China Releases Draft Amended Copyright Law With Punitive Damages and Digital Rights Management Articles



Article 53 of the draft amendment adds quintuple damages for intentional infringement and raises maximum statutory damages to 5 million RMB from 500,000 RMB when damages are hard to prove.  Statutory damages may become a historical relic however as the Courts can order a shift in the burden of proof in damages from the plaintiff to the defendant under Article 53.   

“In order to determine the amount of compensation, the people’s court may order the infringer to provide accounting books and related materials if the the accounting books and materials related to the infringement are in the possession of the infringer.  If the infringer does not provide accounting books or materials, or if the infringer provides false accounting books and materials, the people’s court may rely on the claims of the right holder and the evidence provided to determine the amount of compensation.”

This burden switching combined with quintuple damages might lead to some extremely high verdicts in the future and increase the amount of copyright litigation in China.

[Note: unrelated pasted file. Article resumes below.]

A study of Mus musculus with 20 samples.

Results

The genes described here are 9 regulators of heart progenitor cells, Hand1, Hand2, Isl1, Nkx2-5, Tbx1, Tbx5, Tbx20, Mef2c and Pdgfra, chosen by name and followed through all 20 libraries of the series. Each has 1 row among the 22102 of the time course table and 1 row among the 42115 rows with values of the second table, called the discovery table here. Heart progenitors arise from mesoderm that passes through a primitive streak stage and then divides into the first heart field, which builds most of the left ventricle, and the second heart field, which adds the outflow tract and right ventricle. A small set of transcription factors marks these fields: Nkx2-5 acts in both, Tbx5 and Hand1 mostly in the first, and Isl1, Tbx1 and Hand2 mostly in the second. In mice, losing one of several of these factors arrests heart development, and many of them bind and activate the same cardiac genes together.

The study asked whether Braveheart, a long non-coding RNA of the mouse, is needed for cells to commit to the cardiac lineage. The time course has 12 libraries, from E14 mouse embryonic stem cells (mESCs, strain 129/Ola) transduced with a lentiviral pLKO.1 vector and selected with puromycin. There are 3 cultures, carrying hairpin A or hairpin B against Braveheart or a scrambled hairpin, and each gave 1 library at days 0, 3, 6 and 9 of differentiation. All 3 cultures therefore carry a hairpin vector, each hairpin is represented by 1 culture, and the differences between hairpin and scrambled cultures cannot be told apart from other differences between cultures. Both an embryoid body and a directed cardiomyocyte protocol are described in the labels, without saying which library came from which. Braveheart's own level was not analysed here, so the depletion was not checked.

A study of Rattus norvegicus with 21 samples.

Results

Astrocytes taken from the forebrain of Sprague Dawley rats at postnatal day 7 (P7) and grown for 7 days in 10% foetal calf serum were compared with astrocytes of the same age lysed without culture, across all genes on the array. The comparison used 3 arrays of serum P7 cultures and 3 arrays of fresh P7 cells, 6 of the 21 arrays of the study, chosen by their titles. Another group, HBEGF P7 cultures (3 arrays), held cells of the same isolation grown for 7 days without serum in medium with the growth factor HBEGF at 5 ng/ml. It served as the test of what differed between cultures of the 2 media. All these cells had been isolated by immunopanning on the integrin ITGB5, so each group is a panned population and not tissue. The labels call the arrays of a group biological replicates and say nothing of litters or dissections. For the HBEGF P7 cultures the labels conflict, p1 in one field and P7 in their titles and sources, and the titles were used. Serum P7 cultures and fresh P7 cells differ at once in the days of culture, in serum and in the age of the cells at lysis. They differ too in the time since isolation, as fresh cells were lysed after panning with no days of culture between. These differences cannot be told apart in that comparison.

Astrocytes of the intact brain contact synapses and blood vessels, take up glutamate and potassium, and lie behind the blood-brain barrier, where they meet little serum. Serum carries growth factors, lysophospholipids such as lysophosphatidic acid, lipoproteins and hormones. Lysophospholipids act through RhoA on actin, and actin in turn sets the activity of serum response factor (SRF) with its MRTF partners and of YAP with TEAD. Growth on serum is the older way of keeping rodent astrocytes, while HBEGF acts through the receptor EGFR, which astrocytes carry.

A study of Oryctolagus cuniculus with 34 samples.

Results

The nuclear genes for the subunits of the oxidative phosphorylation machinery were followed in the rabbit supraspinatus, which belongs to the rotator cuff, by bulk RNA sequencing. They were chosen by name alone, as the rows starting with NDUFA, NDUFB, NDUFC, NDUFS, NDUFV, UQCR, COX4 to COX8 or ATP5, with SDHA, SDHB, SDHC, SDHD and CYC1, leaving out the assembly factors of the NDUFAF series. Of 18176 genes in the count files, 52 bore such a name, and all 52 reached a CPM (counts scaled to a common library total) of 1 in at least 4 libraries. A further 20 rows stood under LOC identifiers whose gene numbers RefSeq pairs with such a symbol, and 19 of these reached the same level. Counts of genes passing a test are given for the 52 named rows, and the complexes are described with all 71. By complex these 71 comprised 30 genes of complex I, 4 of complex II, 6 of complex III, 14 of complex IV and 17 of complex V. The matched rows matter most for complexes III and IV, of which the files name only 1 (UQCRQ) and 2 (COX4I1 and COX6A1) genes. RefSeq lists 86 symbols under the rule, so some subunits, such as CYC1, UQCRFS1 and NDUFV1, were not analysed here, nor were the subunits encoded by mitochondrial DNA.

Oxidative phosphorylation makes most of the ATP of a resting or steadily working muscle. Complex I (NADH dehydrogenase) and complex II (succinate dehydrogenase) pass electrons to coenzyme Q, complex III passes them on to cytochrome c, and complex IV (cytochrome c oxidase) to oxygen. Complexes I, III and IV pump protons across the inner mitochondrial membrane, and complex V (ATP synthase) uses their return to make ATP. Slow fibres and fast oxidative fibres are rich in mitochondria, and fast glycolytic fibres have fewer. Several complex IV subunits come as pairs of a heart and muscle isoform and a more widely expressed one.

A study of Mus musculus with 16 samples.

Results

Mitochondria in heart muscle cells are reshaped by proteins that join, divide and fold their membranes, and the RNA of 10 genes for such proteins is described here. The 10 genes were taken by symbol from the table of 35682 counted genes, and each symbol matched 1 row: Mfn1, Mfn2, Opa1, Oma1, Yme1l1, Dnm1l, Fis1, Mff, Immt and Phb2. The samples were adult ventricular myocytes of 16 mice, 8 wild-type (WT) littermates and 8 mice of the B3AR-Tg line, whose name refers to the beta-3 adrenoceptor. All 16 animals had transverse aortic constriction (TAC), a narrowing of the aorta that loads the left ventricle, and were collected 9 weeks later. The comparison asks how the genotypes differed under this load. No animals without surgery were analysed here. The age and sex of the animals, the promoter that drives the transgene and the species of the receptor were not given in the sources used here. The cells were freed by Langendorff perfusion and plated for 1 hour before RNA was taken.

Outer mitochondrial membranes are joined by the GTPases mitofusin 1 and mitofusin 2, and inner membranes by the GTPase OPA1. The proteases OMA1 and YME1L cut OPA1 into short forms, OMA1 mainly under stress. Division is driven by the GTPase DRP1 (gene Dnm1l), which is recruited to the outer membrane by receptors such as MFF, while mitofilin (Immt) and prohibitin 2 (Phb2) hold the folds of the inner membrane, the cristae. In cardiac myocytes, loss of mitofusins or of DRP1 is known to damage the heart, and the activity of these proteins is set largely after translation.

Digital Rights Managements (DRM

The draft also includes provisions for DRM.  Renumbered articles 47 – 50 authorize the use of DRM for copyrighted materials and prohibits other from circumventing DRM or providing others with the tools to do so.  Fines of up to 250,000 RMB can be imposed for DRM circumvention in addition to any civil liability that may attach for copyright infringement. Exceptions are provided  though for educational/research purposes, providing materials to visually impaired when works cannot otherwise be obtained, performance of government duties, safety evaluation of computers/networks, and research on encryption/reverse engineering.


In addition, various amendments were made to catch up with changes in technology and law. For example, “citizens” is changed to “natural persons;” “other organizations” to “unincorporated organizations,” and “movie works and works created in a manner similar to filmmaking” to “audiovisual works.”

The deadline for the submission of comments to the National People’s Congress is June 13, 2020.  Full text of the proposed amendments are reproduced below.


Author: Aaron Wininger

Aaron Wininger is a Principal and Director of the China Intellectual Property at Schwegman Lundberg & Woessner.

Author: Aaron Wininger

Aaron Wininger is a Principal and Director of the China Intellectual Property at Schwegman Lundberg & Woessner.